Indian Cryptocurrency Fraud Case Reaches Impasse 10

Indian Cryptocurrency Fraud Case Reaches Impasse

A one-year-old cryptocurrency fraud case, involving an Indian suspect, has reached a deadlock, as affected investors refuse to testify.

Lack of Witness Testimonies Stall Proceedings

A Goregaon resident, Subhashchand Jewria, was accused of luring investors to his fraudulent cryptocurrency scheme in 2017. Almost a year later, victims have not come forward to testify against Jewria. As reported by The Indian Express, the Economic Offences Wing (EOW) of the Mumbai Police called the case a deadlock.

In Q1 2017, the accused set up a company in the UK called ATC Coin Ltd, and set up various websites, calling for investors. Jewria further asked investors to put in between Rs 5,000 and Rs 20,000 in his company. Also, the accused promised investors that the ATC coins would be used to shop online after an 18-month lock-in period.

However, after raising to Rs 84 crore, Jewria transferred investors’ funds to his private accounts. The agency claimed that it received complaints from different sources about Jewria’s activities. Furthermore, the investigation by the law enforcement agency showed that the company was fake and the accused operated under the guise of virtual currency.

The EOW added that the company didn’t exist beyond paper. Consequently, the authorities arrested Jewria and Chirag, his brother and froze twenty-eight accounts.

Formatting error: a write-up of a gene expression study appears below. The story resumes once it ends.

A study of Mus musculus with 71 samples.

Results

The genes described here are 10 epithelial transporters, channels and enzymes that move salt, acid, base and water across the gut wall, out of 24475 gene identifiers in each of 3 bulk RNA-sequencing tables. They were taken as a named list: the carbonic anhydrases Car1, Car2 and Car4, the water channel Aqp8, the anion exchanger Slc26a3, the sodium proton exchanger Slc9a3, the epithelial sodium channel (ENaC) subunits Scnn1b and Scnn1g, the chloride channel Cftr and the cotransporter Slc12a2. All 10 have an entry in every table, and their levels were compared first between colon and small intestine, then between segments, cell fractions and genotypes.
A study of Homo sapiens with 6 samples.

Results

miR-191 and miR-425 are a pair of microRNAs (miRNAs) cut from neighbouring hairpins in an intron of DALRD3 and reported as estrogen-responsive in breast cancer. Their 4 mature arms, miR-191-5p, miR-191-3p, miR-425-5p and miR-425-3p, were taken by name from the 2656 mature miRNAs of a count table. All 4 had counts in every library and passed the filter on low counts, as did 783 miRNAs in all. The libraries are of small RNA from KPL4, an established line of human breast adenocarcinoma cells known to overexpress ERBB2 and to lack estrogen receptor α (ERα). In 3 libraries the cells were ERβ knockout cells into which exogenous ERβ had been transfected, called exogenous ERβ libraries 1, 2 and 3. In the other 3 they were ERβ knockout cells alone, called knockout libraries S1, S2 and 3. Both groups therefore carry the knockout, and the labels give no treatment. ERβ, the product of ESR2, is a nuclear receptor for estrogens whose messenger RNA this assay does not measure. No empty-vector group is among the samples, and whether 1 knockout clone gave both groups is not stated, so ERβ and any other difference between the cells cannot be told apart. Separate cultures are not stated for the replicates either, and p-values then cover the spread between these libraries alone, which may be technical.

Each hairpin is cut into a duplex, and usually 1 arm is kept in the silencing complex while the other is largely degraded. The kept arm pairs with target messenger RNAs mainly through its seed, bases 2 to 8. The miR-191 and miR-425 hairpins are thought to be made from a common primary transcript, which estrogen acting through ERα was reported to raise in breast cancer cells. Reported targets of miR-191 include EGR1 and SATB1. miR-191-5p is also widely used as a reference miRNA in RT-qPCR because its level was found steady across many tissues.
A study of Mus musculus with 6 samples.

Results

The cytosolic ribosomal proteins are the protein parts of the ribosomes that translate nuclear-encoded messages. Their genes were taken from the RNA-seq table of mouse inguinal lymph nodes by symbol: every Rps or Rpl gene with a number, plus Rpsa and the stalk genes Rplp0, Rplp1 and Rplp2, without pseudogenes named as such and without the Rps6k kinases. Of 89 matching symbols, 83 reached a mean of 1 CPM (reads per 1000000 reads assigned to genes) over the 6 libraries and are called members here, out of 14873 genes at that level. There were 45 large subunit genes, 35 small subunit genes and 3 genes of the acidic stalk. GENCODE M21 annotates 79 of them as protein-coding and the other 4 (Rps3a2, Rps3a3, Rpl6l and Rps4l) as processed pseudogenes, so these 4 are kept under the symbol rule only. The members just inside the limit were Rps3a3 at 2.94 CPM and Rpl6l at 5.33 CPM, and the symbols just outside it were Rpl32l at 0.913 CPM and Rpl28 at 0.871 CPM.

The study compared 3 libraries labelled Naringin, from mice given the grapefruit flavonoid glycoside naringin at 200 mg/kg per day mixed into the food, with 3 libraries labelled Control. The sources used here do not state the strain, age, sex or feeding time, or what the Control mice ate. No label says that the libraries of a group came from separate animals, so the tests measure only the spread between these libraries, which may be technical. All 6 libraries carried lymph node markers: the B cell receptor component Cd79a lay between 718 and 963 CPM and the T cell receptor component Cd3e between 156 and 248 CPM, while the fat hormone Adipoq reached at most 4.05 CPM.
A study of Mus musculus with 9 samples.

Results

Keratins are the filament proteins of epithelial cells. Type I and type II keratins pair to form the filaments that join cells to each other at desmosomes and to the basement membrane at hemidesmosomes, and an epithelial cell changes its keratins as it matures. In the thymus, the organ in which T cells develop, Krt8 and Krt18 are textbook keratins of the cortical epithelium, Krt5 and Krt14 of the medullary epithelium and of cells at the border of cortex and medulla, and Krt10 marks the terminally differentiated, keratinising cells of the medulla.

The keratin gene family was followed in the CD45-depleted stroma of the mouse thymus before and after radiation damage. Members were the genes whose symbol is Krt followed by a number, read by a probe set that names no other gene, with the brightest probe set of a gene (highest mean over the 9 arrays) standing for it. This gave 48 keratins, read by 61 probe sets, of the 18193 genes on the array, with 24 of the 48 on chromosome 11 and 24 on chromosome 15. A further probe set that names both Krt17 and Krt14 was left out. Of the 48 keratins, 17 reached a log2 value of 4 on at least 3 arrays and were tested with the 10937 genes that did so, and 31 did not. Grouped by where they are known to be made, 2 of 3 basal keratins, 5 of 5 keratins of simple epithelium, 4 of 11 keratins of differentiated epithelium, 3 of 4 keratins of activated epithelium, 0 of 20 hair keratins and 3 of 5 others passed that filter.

The authorities located few of the victims affected by Jewria’s fraudulent scheme but discovered that no one wanted to testify. An EOW officer, commenting on the unwillingness of victims to testify, said:

Since the case deals with cryptocurrency and in the absence of proper law and regulation, investors are scared that if they come forward, they might face a lot of scrutinies. While we managed to trace a few of investors, they did not lodge any complaint. The case has been stuck since then.

The officer also added the EOW froze the accused’s assets but couldn’t pay out to investors because they refused to provide evidence.

Combating Cryptocurrency Fraud

Since the introduction of Bitcoin in 2008, many fraudulent cryptocurrency schemes have popped up, with promises of high returns. Regulatory bodies and law enforcement agencies around the world are alert such schemes, and waste no time in arresting fraudsters.

In July, Joe E. Montroll, owner of WeExchange and BiFunder, was sentenced to 20 years in prison for lying to law enforcement agents. Montroll embezzled Bitcoins deposited by customers in his platform for his flamboyant lifestyle.

Also, a cybersecurity firm, Flashpoint, in September shut down a fake website that imitated the Jaxx Wallet website. According to Flashpoint, the fraudsters set up the fake website to illegally steal users’ virtual currencies.

Image courtesy of Ethereum World News archives.